Functionalism

"Actions and behaviours which differ from the accepted standards of society"
Strain Theory
The American Dream is a goal that all people want to achieve. However, working-class people have fewer opportunities to achieve that goal, due to material deprivation. This frustrates them, and this results in pressure to resort to crime & deviance.
Strain to Anomie
Conformity, Innovation, Ritualism, Retreatism, Rebellion
1) the majority of crime is utilitarian crime, so statistics support the theory. 2) lower-class crime is more common than middle-class crime, so statistics support this theory.
1) Not all Americans have the same goal in life. 2) Official statistics are collected by biased organisations, therefore working-class crime is over-represented. The statistics that support Merton's theory are not valid.
Albert Cohen
Working-class children were less likely to have the skills needed for a middle-class world. Therefore they were at the bottom of the social hierarchy, & suffered status frustration.
They formed subcultures with people in a similar situation.
It offered them an alternative status hierarchy, which they are more likely to be able to achieve. Their morals are the opposite of society's, and they reject middle-class values.
It helps to explain working-class, non-utilitarian crime
Cohen assumes that working-class people start off by sharing the same goals as middle-class people. The theory ignores the possibility of w-class people never having the American Dream, therefore never seeing themselves as failures.
Social Control Theory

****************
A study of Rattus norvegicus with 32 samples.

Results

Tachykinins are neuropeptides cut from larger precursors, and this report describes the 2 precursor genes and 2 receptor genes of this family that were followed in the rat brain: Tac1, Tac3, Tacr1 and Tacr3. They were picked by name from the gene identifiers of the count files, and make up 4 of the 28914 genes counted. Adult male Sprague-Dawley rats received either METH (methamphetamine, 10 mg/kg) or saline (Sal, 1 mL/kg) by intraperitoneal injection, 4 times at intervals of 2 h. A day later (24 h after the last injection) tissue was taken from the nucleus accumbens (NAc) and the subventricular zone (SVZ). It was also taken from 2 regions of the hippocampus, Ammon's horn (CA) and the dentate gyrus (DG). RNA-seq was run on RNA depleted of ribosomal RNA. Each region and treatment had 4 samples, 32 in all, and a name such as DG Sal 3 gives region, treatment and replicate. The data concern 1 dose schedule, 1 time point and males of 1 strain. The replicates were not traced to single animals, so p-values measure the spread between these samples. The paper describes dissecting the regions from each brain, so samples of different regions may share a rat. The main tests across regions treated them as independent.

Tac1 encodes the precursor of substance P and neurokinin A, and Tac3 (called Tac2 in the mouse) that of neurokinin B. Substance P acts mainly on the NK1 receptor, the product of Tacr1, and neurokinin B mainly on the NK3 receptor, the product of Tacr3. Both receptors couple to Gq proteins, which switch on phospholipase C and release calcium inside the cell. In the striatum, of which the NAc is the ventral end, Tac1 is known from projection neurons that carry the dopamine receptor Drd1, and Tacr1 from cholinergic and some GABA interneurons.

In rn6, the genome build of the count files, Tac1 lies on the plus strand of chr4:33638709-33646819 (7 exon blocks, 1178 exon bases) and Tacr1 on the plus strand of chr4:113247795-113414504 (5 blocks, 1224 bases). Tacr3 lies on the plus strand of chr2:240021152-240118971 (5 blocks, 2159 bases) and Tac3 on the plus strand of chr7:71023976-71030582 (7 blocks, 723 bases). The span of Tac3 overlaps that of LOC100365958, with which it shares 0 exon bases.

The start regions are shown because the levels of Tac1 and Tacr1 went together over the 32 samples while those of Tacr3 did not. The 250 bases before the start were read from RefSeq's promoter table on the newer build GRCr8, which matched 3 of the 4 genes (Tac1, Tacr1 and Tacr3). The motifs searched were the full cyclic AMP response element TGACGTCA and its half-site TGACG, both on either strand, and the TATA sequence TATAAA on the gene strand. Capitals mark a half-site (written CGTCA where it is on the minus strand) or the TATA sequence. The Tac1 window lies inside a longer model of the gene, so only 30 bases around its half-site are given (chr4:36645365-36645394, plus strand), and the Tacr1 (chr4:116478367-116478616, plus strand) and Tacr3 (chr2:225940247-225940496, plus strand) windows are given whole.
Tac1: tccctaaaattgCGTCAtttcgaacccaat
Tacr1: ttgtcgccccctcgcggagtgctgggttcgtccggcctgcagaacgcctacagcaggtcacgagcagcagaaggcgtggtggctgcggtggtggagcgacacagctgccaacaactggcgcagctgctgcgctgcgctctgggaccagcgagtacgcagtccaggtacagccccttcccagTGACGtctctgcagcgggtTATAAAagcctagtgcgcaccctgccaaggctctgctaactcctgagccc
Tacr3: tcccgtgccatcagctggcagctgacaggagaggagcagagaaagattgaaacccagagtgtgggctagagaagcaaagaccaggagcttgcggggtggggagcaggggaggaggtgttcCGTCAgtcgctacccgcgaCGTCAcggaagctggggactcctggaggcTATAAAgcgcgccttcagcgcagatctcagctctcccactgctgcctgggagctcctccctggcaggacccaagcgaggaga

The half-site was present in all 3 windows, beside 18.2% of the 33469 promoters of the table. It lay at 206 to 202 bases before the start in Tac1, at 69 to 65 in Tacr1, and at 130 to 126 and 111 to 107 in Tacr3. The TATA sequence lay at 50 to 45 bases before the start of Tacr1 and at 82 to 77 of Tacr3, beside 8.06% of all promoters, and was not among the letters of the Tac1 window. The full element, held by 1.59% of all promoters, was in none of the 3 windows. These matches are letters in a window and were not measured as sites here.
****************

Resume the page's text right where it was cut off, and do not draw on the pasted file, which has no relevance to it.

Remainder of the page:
Attachment, Commitment, Involvement, Belief
Direct, Internal, Indirect, Control through needs satisfaction
Threatening punishment if children behave badly, giving rewards if children behave well.
Children's conscience and superego stopping them from deviating, as their parents have taught them right from wrong.
Children's parents are their role models, therefore children might not deviate because they don't want to disappoint their parents.
If all the individual's needs are met (for example: security, food, emotional needs) then they are less likely to deviate.
Farrington & West did a longitudinal study on 411 w-class workers. 24 of the workers (6%) accounted for 50% of the overall crime committed by the sample. Those 6% had dysfunctional families.

Front

What was Robert Merton's theory called?

Back

Strain Theory

Card 3

Front

How did it relate to the American Dream?

Back


Front

What is Merton's term for being pressured to resort to crime and deviance?

Back

Preview of the front of card 4

Card 5

Front

What are the 5 responses to the strain to anomie?